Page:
McMorris Rodgers, Wicker Call for Streamlined Permitting Process for BEAD Program
Washington, D.C. – House Energy and Commerce Republican Leader Cathy McMorris Rodgers (R-WA) and U.S. Senator Roger Wicker (R-MS), Ranking Member of the Senate Committee on Commerce, Science, and Transportation, today sent a letter to National Telecommunications and Information Administration (NTIA) Administrator Alan Davidson urging NTIA to address burdensome permitting processes and other regulatory red tape that may impede the success of the Broadband Equity, Access, and Deployment (BEAD) program that was created under the Infrastructure, Investment, and Jobs Act.
“With inflation already raising costs, we cannot afford to waste time and resources on needless bureaucracy when we should be building networks,” the Members wrote. “Without action, we worry that deployments will take longer and be more expensive, leaving more Americans on the wrong side of the digital divide.”
To prevent slow deployment and the determent of investment, the Members urged the agency to require eligible states and territories to work with their local governments on streamlining the permitting process to expedite and reduce barriers. They praised the BEAD’s Notice of Funding Opportunity (NOFO) that requires states to identify steps to “reduce costs and barriers to deployment, promote the use of existing infrastructure, promote and adopt dig-once policies, streamlined permitting processes and cost-effective access to poles, conduits, easements, and rights of way.” However, the Members called on the NTIA not only to identify and encourage streamlined permitting, but also to require states to enact these streamlined policies and set a high bar for when streamlining is not appropriate.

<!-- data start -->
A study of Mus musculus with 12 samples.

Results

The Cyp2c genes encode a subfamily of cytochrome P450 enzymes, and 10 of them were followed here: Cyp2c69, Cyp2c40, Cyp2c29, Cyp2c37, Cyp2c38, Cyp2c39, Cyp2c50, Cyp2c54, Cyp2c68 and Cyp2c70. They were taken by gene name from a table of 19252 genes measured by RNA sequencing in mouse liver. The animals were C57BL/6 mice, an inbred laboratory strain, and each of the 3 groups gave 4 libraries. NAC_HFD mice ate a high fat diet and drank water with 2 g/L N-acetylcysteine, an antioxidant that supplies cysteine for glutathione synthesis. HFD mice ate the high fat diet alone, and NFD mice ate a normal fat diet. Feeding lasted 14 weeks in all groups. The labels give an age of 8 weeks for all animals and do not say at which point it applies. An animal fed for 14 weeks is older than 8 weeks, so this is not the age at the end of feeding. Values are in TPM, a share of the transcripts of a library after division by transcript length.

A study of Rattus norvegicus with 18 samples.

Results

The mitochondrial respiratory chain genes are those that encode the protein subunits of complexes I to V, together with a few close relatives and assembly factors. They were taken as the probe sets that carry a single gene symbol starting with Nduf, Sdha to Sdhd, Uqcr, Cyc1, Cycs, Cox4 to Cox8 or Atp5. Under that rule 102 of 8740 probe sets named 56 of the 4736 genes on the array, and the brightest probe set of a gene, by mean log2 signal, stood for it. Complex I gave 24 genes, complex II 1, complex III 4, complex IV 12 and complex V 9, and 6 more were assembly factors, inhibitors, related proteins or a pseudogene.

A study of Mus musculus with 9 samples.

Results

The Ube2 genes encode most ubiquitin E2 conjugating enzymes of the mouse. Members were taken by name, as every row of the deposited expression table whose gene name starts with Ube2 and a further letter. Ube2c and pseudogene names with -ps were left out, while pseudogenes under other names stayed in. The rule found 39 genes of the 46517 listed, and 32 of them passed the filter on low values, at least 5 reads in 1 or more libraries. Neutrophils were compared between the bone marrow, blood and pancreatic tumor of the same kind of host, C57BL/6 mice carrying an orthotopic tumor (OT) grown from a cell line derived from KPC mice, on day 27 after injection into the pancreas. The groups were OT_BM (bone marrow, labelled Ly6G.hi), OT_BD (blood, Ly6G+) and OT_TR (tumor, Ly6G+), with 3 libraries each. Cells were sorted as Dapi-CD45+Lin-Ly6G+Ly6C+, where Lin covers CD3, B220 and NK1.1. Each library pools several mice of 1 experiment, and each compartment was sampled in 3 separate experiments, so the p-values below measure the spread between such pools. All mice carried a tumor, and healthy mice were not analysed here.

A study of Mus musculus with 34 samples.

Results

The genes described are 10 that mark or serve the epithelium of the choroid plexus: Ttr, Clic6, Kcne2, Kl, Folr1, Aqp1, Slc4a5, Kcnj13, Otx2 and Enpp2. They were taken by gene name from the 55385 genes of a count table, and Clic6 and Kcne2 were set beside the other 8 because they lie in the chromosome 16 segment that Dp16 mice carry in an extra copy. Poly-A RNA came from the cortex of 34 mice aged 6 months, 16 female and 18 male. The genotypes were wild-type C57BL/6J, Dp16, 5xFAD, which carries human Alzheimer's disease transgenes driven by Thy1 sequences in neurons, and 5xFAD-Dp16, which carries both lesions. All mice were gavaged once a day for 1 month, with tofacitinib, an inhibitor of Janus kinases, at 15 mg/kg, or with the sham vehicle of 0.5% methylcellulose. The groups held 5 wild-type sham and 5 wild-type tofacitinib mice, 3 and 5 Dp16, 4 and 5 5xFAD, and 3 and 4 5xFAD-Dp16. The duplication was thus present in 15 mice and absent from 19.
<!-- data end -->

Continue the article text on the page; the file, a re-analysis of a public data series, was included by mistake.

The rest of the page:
Read the letter here or below.
“Dear Assistant Secretary Davidson:
“The Broadband Equity, Access, and Deployment (BEAD) program presents a historic opportunity to close the digital divide. Under this program, the National Telecommunications and Information Administration (NTIA) will award $42.45 billion to eligible states and territories for broadband deployment. As NTIA begins working with these entities, we urge the agency to require states and territories to work with their local governments to streamline permitting processes to expedite and reduce barriers to deployment.
“As you know, broadband providers must obtain permits to access the poles, rights-of-way, and appropriate infrastructure needed for deployment. Burdensome and costly permitting requirements, lengthy review timelines, insufficient staff to review and process permitting applications, and other regulatory red tape can drastically delay and even discourage deployment, which may foreclose access to affordable broadband services. Many of these barriers are established by local governments. With inflation already raising costs, we cannot afford to waste time and resources that should be spent on building networks on needless bureaucracy. Without action, we worry that deployments will take longer and be more expensive, leaving more Americans on the wrong side of the digital divide.
“We are encouraged that BEAD’s Notice of Funding Opportunity (NOFO) asks states to identify steps to “reduce costs and barriers to deployment, promote the use of existing infrastructure, promote and adopt dig-once policies, streamlined permitting processes and cost-effective access to poles, conduits, easements, and rights of way.” Likewise, the NOFO correctly encourages states and territories, and their subdivisions, to “remove time and cost barriers associated with BEAD projects, including by expediting permitting timelines and waiving fees where applicable, where doing so does not undermine other critical policy goals.” Merely encouraging and promoting these actions, however, is not enough. As NTIA reviews state plans, it should, consistent with its authority to “establish local coordination requirements,” require states and territories to work with local governments to adopt streamlining policies that reduce the burdens associated with obtaining permits. This will ensure broadband projects are carried out in a timely manner, consistent with the Infrastructure Investment and Jobs Act. NTIA should also set a high bar for the “other critical policy goals” that states and localities can use to justify burdensome permitting regulations so that the exception does not become the rule.
“This is an opportunity for our country to close the digital divide, but doing so will require cooperation from state and local governments. Removing unnecessary and costly barriers to deployment is key to the success of the BEAD program. Thank you for your attention to this important matter.”